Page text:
Child Friendly Schools reach out to 'left-behind' children

Child Friendly Schools reach out to 'left-behind' children

Xu Xin
Huang Huijie(middle) plays with his friends at the playground during a recess.
UNICEF/China/2009/Xu Xin
30 June 2009

Sanjiang County, Guangxi Province, June 2009 – Last summer, eight-year-old Huang Huijie received a surprise gift from his teacher: a long-distance phone call with his mother for the first time in more than five years.

Ever since his parents divorced and separately left home five years ago to find work in the cities, Huijie has rarely seen or heard from them. The boy lives with his aged grandparents and his cousins, who were also left behind in the village.

"I once wrote a poem to teacher Zheng as a gift because she always showed me so much care and love. A while later, she asked me to come to her office, saying she had a gift in return. She had put my mother on the phone." he remembered.

That day, the boy was so overwhelmed from hearing his mother's voice that he broke into tears. "We only talked for a few minutes. I said repeatedly to her, 'Come back to see me, I've been doing well in school and am now at the top of the class,'" he said.

Huang Huijie is a second-grader in Danzhou Primary School, one of the 50 UNICEF-supported Child Friendly Schools in Sanjiang County, Guangxi Province.

With limited farmland and natural resources, Sanjiang County relies heavily on labour export to the cities. With an average annual income of about RMB 2,800 per capita, the County, populated by several ethnic minority groups, is also one of the poorest areas in China. The migration of mothers and fathers to urban centres has brought in money to the villages, but also left a vacuum in the lives of some 17,000 children left behind at home.

After school, Huang Huijie helped his grandparents to boil a pot of water in the kitchen.

Filling an Emotional Vacuum

Since 2001, UNICEF has worked with the Guangxi Provincial Department of Education and local counterparts to introduce Child Friendly approaches in primary schools. This is to ensure all children, regardless of background, gender, or family situation, can enjoy a safe, emotionally secure and child-centred environment to achieve their full potential.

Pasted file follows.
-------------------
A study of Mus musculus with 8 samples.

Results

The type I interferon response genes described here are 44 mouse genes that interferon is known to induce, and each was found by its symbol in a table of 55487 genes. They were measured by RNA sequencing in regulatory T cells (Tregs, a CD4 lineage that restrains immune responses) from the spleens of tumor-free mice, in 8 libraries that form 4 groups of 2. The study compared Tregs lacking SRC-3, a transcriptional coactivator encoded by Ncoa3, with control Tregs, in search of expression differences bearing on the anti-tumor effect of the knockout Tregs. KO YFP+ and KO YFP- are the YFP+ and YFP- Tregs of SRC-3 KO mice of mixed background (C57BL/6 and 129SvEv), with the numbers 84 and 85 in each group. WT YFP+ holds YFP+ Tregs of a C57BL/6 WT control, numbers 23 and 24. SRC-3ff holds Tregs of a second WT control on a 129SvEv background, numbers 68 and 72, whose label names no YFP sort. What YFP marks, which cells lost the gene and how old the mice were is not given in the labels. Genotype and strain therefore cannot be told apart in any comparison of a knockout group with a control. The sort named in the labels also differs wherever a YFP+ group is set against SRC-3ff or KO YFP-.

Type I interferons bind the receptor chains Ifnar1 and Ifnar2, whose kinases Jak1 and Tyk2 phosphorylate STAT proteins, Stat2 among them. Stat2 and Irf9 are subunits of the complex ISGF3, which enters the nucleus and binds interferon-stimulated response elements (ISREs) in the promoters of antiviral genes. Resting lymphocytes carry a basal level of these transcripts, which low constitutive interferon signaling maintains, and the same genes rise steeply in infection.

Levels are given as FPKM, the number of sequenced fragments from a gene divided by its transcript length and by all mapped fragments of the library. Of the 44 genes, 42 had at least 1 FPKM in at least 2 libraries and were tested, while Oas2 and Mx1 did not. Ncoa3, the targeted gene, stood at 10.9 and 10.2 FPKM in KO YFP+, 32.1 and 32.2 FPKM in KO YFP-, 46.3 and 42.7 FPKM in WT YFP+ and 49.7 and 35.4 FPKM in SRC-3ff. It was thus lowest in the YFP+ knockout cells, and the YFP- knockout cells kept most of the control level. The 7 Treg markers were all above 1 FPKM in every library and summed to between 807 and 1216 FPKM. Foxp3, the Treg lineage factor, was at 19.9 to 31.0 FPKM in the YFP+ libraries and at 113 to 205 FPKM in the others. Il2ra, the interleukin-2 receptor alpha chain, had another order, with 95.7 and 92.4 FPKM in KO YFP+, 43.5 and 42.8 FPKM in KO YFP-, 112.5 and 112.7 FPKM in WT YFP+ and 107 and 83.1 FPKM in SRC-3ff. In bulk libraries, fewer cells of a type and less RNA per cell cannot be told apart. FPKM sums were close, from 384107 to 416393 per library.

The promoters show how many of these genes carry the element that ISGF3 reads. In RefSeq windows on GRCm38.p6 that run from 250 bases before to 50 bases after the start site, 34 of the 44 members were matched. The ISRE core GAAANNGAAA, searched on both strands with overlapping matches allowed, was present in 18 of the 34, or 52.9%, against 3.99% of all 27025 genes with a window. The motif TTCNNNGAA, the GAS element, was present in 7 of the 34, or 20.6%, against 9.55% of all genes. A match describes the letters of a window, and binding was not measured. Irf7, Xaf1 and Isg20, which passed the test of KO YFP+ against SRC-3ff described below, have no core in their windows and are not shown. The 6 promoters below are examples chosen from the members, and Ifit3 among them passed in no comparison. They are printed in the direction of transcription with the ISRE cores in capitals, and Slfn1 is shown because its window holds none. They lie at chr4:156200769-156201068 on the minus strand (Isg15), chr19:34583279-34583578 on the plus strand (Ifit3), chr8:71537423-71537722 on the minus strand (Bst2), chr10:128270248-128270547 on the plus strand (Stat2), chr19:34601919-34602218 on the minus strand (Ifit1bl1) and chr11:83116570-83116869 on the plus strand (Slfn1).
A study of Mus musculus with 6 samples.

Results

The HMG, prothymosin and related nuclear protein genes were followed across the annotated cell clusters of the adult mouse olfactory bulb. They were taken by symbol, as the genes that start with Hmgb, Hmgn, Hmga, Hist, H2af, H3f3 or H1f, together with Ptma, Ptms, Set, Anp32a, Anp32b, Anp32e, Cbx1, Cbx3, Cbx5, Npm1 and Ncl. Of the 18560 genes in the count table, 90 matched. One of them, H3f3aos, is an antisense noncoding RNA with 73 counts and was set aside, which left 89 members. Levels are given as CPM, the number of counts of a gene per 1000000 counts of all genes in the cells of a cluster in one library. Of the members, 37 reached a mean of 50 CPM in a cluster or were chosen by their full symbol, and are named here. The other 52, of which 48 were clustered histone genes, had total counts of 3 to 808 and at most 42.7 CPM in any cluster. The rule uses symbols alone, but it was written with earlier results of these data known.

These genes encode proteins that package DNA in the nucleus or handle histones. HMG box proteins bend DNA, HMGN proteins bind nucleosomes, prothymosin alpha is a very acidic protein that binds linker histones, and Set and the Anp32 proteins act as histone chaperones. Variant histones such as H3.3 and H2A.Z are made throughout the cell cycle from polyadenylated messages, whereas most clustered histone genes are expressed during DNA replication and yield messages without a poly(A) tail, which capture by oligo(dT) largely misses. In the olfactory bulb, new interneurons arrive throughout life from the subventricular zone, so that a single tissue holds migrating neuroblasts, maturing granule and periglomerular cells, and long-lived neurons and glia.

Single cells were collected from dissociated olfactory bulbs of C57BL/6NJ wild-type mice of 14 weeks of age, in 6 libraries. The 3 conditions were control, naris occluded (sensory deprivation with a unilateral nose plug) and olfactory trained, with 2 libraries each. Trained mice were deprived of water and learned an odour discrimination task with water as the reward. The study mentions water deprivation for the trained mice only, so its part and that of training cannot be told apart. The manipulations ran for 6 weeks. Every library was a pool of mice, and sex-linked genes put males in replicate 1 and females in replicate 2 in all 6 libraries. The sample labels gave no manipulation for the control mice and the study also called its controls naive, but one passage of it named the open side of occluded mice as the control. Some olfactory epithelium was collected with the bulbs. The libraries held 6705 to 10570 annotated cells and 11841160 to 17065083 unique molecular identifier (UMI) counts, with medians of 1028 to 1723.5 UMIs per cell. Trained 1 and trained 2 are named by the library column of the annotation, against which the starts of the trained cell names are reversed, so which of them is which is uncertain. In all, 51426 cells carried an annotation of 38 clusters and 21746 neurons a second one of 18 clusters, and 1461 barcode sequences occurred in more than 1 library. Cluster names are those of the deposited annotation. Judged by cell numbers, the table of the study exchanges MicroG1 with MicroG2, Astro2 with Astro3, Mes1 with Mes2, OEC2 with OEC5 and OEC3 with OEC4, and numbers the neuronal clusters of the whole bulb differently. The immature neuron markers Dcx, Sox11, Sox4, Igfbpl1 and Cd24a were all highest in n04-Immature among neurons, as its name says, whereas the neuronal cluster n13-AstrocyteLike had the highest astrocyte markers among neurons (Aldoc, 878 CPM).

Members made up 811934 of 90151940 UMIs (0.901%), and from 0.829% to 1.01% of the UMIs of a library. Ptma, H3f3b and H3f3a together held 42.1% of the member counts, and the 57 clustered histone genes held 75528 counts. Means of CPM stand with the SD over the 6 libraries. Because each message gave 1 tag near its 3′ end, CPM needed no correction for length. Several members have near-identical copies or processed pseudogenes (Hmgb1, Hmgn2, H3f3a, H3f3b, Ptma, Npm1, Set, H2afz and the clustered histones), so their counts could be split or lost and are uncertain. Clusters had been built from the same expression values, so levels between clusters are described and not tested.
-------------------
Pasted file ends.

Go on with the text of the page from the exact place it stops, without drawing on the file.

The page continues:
Huang Huijie and his peers now find comfort and emotional support in the "Home for Left-behind Children" at their school, a room where dozens of children learn life skills and attend group activities.

"Many left-behind children have to take care of themselves and even younger kids as their grandparents are too old. Also, the grandparents think it is fine to just give the children enough food and clothes, but ignore their psychological needs," Teacher Jiang noted.

"To fill the gap, we organize sports activities and life-skills training through games for them to have fun with one another and gain hands-on experience on how to maintain personal hygiene." Jiang said.

Additionally, the school has a support group for children to share their thoughts and feelings about their separation from their parents.

"I understand they work hard to support my study and living expenses, but I wish they could come back to see me more often," Yang Hongling, aged 9 said. "I feel so alone when I hear my classmates talk about everything going on in their families, especially when they mention their parents with such smiles. I stay in a corner and sometimes cry to myself."

"Since attending the activities through the Child Friendly School, I've made so many friends. They ask me to join them whenever they have something fun to play." She smiled. "I feel less lonely now."

Yang Hongling now feels better after receiving support from her peers at school.

Aiming Higher

In addition to emotional support, the Child Friendly Schools are also helping the left-behind children to do better in their studies.

"The school gate is open to all students and we don't require any entrance examination," Cao Xinyou, principal of Guyi Township No. 2 Primary School said. In 2009, the student enrollment has increased to 316 from 148 in 2007. Among them, 202 students are from migrant worker families.

"A number of these students have difficulty in their studies because they don't receive enough academic help from their grandparents, who received little education," Principal Cao said. "Also, these students frequently have to transfer from one school to another as they live with different relatives."

"Since 2008, as a trial project, we've identified 22 children affected by migration. Each is helped by a teacher to catch up with his or her studies and a file is kept to track the changes of each individual until 2011. We have noticed significant improvement in their performance," Cao noted.

Now one of the best students in his class, Huang Huijie hopes that one day when his mother comes back to see him, she will be so impressed by his accomplishments and hard work that she will take him with her to the city. "My dream is to become a football player," he said. "I also dream that my mother and I can live together forever."

Note: The names of the children have been changed to protect their identity.